08/21/13 — Holding discusses future for immigration legislation


By Josh Ellerbrock
Published in News on August 21, 2013 1:46 PM


MOUNT OLIVE -- U.S. Rep. George Holding stopped Tuesday during a tour of colleges to hear concerns from Mount Olive College faculty, staff and students.

"I wish I could solve all the problems that we have in Washington. It's probably not going to happen, but at least we can solve some small problems through constituent service and getting involved here," Holding told the gathering.

Holding's district, the 13th, contains most of rural Wayne.

He answered questions from the crowd that primarily concerned budget cuts, Obamacare and immigration.

"I think the day of reckoning is coming, and it's coming because we've run out of money," Holding said. "Washington politics are broken. A prime example is we aren't able to pass an appropriations bill in five years."

To fix the budget, Holding said there aren't any simple solutions and soon, the untouchables of federal safety net programs -- Social Security and Medicaid -- will have to be reworked somehow into something more solvent.

"If I want Social Security to be there for me, I'm going to have to plan to retire sometime after 65," the 45-year-old Holding said.

"There's no reason we shouldn't have a safety net for seniors and for those down on their luck. But at the same time, if we are going to have a strong safety net, it's going to need to be reworked."

"The future is getting closer and closer and the future does not bode well for our safety net programs," he said.

According to the 2013 Social Security Trustee's Report, Social Security will be unable to pay its scheduled benefits by 2033.

Related to budget concerns is the upcoming implementation of Obamacare on Jan. 1. The effects of the implementation still aren't fully known, Holding said.

"What is health care going to be like on January 1st? I have no idea and people can't tell you," he said.

"I have no clue. I really don't. The Affordable Healthcare Act has turned into an absolutely big mess, and the debate has changed a little bit in Washington."

"The debate has changed from blaming the folks who voted for the Affordable Healthcare Act to reaching across the aisle and trying to stop it. We say 'We understand that you did not intend these consequences. Please join us in reforming, repealing or delaying the implementation of this.'"

"It's not accomplishing the things that people who voted for it thought it would accomplish," he said.

And to stop Obamacare, Holding and fellow congressman are using the "leverage points" of the House.

"We have limited leverage points that we can use to try to force things through the system and a continuing resolution is one of those. The debt ceiling is another one. And I think it's important to try to reform repeal and delay the implementation of Obamacare and a continuing resolution is a way to do it."

A continuing resolution is a type of appropriations legislation that funds governmental agencies if a full budget has not been signed into law by the end of a fiscal year.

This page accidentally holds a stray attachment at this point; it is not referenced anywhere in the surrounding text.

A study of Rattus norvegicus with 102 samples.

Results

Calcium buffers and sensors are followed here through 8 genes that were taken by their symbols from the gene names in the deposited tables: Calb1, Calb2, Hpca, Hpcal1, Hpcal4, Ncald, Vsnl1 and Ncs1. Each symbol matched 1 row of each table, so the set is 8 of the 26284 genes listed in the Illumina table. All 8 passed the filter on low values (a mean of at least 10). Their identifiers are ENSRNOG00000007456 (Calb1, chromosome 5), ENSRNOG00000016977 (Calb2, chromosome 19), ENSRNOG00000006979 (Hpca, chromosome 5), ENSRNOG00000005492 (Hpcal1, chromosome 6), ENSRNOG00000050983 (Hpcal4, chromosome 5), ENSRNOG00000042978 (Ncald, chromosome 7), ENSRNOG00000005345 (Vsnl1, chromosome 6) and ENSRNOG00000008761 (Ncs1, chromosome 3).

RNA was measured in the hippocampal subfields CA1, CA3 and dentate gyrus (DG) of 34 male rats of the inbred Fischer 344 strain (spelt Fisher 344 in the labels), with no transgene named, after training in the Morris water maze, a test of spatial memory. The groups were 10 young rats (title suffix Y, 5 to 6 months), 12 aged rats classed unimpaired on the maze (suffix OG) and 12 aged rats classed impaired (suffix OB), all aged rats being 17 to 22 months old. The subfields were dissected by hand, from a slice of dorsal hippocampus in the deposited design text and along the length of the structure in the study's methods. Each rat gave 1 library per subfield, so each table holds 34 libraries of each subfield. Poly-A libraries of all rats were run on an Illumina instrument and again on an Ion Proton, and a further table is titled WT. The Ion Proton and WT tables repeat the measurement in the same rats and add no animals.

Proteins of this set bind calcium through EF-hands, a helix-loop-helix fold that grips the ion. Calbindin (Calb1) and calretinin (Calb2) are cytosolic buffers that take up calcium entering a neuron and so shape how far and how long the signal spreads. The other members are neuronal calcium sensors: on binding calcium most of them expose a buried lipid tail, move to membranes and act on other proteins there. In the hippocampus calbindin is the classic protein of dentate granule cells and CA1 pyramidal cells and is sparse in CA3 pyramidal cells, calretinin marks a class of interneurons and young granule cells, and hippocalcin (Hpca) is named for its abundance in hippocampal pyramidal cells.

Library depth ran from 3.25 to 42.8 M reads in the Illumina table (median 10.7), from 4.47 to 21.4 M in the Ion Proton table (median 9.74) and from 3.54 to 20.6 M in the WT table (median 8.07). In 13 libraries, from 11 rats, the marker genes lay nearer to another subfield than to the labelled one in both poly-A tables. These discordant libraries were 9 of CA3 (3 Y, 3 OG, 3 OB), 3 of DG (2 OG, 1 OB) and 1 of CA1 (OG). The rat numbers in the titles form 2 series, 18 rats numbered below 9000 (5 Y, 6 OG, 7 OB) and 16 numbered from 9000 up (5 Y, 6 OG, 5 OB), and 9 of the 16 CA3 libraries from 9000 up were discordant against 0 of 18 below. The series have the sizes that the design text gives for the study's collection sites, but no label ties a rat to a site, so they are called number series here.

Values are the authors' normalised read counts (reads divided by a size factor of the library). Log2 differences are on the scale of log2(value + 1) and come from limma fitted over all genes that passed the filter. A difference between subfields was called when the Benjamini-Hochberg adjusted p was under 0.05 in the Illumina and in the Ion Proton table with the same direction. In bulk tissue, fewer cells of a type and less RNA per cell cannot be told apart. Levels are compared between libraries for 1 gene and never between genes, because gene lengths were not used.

"Congressmen (Mark) Meadows from the western part of the state circulated a letter which I signed onto that says, 'We'll, not demand, but strongly advise, that if leadership brings a continuing resolution to the floor that we would work towards defunding Obamacare,'" he said.

"There's got to be a really good reason for me to vote for a continuing resolution in general. Defunding Obamacare is a good reason to vote for a continuing resolution. A balanced budget amendment would be a good reason to vote for a continuing resolution."

If a continuing resolution nor a full appropriations bill is not passed by Congress, a government shutdown could occur, he said.

Holding also discussed immigration. Currently, Holding is a co-sponsor of a bill that would rework the agricultural guest worker program -- one part of a number of small steps that Republicans are using to fix the immigration problem.

"The current H2A program doesn't work. That's why we have an illegal immigrant problem," he said.

Holding said the current guest worker program has too much bureaucratic red tape, is burdensome to farmers and that wage rates for farm workers are arbitrarily based on standards that really don't apply.

Currently, employers who use the program have to the pay the higher of minimum wages, the prevailing wage or a rate known as the Adverse Effect Wage Rate -- currently set at $9.68. This rate is set by the U.S. Department of Labor based on the regional weighted average hourly wage for farm workers.

Holding also disagrees with providing a pathway to citizenship for immigrant guest workers.

"Finding a pathway to citizenship for people who have broken the law and come here, for me, that's not a doable thing," Holding said.

"It won't work. It won't solve the agricultural labor problem either. If people do get citizenship -- you look back to 1986, you had an amnesty program when people got citizenship. They didn't stay and be agricultural workers, they went and became something else," he said.

"This is the red herring out there. Most of the immigrants do not want to become citizens of the United States."

Instead, immigrant farm workers have other ideas, Holding said.

"Earn money, save money and take it home or send it home, the idea is not to become a citizen," he said.

The Agricultural Guestworker Act has made it through committee and has yet to be passed by the House.

"A guest worker program is something that the Senate and the House could agree on. And I like the House bill," Holding said.